October 11, 2018 | Written by: Chae An
Categorized: Banking | Cloud | FinTech | Payments & Transactions
Moving applications to the cloud will involve banks revamping their business models as well, causing them to reassess what products and services that they would provide natively and those that they would incorporate from external providers. Such open banking approach necessitates that the banks develop an open banking platform with externalized APIs. This is essential. Open banks can use and share customer data through APIs for a broader end-to-end customer experience and connect their banking apps both internally and externally to the ecosystem. Most banks know this industry trend toward open banking, but many are still trying to figure out the proper approach for moving core systems to the cloud.
Since the legacy core systems aren’t well-suited for doing such directly, one approach is for the banks to create a digital-agility layer based on microservices-based architecture. It’s this digital-agility layer that would connect to the internal core systems as well as provide external APIs to connect various fintech solutions and other financial institutions within an open banking platform approach. Banks moving core applications to the cloud need to follow certain guidelines and standards for the migration/transformation and overall banking ecosystem to work successfully. Some of these standards are getting established by regulatory bodies, such as the PSD2 regulation in Europe, which covers payment initiation and account access. More broadly, the Banking Industry Architecture Network (BIAN), a global consortium of banks, technology companies and academic institutions, is developing a standard whereby a bank can be modeled as a collection of capabilities, such as payments, risk management, deposits and lending, with a well-defined services interface. With the emergence of APIs as an accepted standard for internal and external integration of business and technical services, BIAN is developing a set of common APIs, eventually to cover all banking operations.
As banks move toward the new open banking paradigm, they will also need to decide what business capabilities to provide in-house, or simply get as Software-as-a-Service from the cloud. As more organizations consider this approach, both as providers of business services and as consumers, it will be increasingly important to have standardized APIs to avoid massive integration challenges. The BIAN banking services model helps banks implement proper cloud-adoption infrastructure. One of the many reasons for following business standards is to create open solutions — cloud-based outsourcing/insourcing — for plug-and-play capabilities between companies that will make it easier to integrate APIs. It’s important that all organizations understand and develop the proper cloud building blocks that can be assembled to make any bank cloud capable. Using the right construct as the shared industry blueprint will help all banks make significant advances toward open banking platforms and the benefits that await them and their customers. The BIAN model provides this blueprint.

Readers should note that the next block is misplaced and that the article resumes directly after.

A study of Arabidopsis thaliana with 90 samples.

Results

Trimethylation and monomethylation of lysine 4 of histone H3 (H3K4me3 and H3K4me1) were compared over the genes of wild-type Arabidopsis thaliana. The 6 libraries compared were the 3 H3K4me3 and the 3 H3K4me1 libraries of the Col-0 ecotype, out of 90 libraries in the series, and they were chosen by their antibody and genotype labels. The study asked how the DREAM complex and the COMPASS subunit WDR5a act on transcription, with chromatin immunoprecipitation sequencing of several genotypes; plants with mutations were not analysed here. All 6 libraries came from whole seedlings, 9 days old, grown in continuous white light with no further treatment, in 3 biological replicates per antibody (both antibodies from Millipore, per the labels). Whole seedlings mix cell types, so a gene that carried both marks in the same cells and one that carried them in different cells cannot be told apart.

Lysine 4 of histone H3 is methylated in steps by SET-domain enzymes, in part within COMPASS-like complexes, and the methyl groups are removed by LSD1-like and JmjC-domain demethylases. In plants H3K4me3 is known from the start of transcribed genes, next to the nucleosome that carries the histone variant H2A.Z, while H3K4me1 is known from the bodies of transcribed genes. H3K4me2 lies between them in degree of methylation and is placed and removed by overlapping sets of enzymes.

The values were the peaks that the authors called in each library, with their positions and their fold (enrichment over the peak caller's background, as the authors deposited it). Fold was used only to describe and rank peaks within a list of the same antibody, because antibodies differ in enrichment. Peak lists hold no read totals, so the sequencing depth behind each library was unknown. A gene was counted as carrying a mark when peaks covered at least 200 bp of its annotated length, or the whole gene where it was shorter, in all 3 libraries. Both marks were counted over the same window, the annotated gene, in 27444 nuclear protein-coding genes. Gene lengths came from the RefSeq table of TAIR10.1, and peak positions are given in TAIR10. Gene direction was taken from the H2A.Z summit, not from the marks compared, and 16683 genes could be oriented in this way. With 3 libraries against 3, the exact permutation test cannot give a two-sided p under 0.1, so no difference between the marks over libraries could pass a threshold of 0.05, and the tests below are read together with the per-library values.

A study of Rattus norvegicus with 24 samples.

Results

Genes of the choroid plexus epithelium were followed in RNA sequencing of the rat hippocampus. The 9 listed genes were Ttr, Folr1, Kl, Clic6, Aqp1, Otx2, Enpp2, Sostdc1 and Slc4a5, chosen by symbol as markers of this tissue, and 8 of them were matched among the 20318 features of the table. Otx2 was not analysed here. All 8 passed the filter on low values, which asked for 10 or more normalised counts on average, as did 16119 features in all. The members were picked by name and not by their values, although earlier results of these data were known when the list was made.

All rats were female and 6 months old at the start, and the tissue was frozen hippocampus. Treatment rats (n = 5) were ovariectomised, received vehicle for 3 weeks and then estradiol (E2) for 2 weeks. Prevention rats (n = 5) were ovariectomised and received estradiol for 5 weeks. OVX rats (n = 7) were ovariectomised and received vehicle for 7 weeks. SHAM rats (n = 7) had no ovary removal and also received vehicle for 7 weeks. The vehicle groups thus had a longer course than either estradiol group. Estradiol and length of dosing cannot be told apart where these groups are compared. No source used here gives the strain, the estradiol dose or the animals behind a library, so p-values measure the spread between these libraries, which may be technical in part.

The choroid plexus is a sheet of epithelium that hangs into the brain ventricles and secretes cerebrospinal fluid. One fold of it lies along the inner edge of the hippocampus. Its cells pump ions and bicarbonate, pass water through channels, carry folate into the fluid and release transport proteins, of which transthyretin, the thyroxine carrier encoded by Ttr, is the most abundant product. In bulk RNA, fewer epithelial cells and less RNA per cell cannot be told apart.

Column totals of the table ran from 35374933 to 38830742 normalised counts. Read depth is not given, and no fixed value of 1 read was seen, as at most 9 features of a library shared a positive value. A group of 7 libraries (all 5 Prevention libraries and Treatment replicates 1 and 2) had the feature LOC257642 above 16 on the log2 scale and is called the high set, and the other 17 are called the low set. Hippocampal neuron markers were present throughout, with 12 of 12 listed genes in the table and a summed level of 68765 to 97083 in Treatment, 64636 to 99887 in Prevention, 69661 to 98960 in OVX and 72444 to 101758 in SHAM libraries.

Some clients are already starting to use the benefits of their core-to-cloud transformation. After gaining a cloud solution that allows them to digitally transform their existing IT infrastructure to a full set of cloud options — local, private and shared — they have then used their cloud capabilities to deliver deeper customer experiences by integrating existing data systems with cognitive and analytic APIs. Clients have been able to scale services for mobile-app demand with back-end infrastructure and app management capabilities built on an open platform. And clients have gained agility with the IBM Cloud™ Private, supported by enterprise cloud security solutions to meet their privacy, regulatory compliance, data sovereignty and reliability needs.